The writer of the May 15 letter "The national debt is both parties' problem," did a commendable job researching the facts and repercussions of adding hundreds of billions of dollars in interest yearly onto the growing $28 trillion national debt.
Unfortunately, it appears he makes a biased statement pretending it's objective truth when he states that if you want to know how much each president “contributed” to the national debt, you can simply go to Google and ask how much the national debt “grew” under each president.
The site lists how much was added to the national debt during a president's term, not how much each president's policies contributed to it. To do that requires researching government websites to:
- Verify new spending legislation signed into law by each president.
- Verify CBO projected cost of this new legislation.
- Was the new legislation paid with cuts to existing programs, tax increases, growth in GDP or borrowed?
- Was the legislation a one time expenditure or will it require continued funding?
- Combine spending for the president's new legislation with any additional dollars added onto existing legislation.
After compiling the above data on each president, you have statistical information to compare how much each president added to the national debt and how much was the result of existing legislative commitments using simple math. After adjusting for inflation, you can make dollar-for-dollar comparisons between presidents.
Over the past forty years, only two president's reduced spending from that of their predecessor: Clinton and Obama. Since 1980, every Republican president increased spending significantly from that of their Democratic predecessor.
Both parties contributed to the national debt, but both parties did not contribute equally. It's not even close!
Tax cuts are the single biggest contributor to the national debt. The national debt exploded after Reagan cut the top marginal tax rate from 70% to 28% resulting in borrowing $64 billion to cover the loss in net revenues. Every dollar cut in taxes, not replaced, requires a dollar to be borrowed yearly with interest compounding.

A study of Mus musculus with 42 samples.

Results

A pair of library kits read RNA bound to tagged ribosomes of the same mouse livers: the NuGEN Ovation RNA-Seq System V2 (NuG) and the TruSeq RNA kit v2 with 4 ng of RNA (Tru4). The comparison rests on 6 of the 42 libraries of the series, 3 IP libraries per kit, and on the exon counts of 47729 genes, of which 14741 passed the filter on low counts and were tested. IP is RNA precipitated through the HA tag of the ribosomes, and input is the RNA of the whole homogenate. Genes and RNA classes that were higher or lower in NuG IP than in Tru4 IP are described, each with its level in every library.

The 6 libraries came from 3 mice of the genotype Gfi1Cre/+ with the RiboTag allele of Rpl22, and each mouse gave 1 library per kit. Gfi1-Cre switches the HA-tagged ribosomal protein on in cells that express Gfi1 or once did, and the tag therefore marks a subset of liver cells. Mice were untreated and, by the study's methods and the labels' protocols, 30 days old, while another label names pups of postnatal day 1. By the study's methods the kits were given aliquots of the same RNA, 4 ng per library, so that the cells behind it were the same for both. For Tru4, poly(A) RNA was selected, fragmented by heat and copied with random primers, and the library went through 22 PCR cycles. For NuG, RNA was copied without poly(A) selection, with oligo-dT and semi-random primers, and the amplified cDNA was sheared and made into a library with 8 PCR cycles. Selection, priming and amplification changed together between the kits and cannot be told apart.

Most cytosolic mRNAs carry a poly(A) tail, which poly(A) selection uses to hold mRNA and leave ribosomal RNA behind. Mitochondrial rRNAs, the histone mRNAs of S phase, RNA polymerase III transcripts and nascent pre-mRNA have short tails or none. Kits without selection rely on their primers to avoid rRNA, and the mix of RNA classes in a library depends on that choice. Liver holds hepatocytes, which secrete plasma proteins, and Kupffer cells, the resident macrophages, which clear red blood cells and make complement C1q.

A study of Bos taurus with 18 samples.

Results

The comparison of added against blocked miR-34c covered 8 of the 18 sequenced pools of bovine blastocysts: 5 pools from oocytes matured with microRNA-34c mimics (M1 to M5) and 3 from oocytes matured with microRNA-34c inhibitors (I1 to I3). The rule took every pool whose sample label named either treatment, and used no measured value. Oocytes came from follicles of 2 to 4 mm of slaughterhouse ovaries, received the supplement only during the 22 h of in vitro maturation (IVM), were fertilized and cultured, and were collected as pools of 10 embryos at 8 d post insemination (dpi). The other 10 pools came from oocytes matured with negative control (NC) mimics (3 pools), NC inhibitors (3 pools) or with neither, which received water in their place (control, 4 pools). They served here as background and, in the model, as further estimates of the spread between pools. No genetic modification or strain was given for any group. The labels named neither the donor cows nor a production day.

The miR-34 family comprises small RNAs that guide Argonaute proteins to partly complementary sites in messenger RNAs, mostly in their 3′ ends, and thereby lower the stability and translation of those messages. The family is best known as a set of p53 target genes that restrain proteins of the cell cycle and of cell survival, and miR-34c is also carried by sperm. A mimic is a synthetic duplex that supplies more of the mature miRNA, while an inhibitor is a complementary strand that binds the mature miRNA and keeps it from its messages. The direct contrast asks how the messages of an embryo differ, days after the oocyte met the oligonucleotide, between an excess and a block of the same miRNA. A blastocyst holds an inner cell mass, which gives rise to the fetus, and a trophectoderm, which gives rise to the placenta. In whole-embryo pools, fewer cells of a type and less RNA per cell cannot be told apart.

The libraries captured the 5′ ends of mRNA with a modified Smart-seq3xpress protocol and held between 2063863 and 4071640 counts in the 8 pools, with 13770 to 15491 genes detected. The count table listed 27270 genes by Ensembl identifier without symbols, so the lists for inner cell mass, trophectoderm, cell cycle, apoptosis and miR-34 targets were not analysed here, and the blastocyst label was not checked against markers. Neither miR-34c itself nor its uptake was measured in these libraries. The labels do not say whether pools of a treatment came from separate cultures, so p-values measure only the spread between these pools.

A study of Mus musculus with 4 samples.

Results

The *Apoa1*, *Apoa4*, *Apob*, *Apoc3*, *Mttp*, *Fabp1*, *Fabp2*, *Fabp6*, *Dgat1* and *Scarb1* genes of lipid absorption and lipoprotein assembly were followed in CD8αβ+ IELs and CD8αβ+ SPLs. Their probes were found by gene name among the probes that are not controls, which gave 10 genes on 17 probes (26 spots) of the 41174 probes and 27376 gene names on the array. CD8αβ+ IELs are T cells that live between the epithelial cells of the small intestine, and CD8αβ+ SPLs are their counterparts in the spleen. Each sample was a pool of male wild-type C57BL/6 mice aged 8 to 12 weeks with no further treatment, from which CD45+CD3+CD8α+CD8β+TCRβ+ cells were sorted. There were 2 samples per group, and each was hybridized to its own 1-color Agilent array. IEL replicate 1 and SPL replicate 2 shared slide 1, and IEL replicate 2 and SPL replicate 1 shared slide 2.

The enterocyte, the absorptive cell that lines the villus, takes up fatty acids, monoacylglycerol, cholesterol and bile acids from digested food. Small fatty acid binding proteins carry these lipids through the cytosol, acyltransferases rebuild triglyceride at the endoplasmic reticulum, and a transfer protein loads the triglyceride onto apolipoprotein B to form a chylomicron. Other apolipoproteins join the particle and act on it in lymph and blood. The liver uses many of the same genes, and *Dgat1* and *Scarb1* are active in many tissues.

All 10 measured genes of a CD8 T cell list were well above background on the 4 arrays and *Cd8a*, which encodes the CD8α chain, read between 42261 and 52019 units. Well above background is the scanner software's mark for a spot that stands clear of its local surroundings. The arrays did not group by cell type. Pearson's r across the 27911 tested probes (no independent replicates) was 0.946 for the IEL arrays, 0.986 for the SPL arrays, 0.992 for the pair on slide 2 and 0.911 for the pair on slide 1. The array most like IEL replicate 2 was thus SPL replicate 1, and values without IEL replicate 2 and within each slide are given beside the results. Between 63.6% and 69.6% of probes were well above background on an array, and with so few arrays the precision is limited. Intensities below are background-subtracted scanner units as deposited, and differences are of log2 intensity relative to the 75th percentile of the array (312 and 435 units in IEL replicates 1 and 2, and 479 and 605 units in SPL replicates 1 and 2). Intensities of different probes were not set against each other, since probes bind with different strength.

The Center on Budget and Policy Priorities estimated the Bush tax cuts in 2003 would be responsible for one-third of federal debt by 2018. Another Republican tax cut in 2017, required borrowing $318 billion to cover revenue shortfalls for 2018 and 2019, during a healthy economy. The CBO attributes 72% of the national debt to legislated tax cuts.
The national debt is not the biggest problem facing America — it is lying. Lies divided the country and families, led to the violent insurrection at our nation's Capitol by Trump supporters. Lies led to violence between races, Republican state legislators introducing almost 400 bills with restrictive voting provisions and was a significant factor in almost 600,000 Americans dying from COVID-19.
A close second is fear, followed by ignorance. They prevent irresponsible cowards from addressing the national debt, climate change, infrastructure, immigration, racism, gun violence, wealth disparities and a non-partisan investigation into the attempted overthrow of our democracy on Jan. 6, 2021.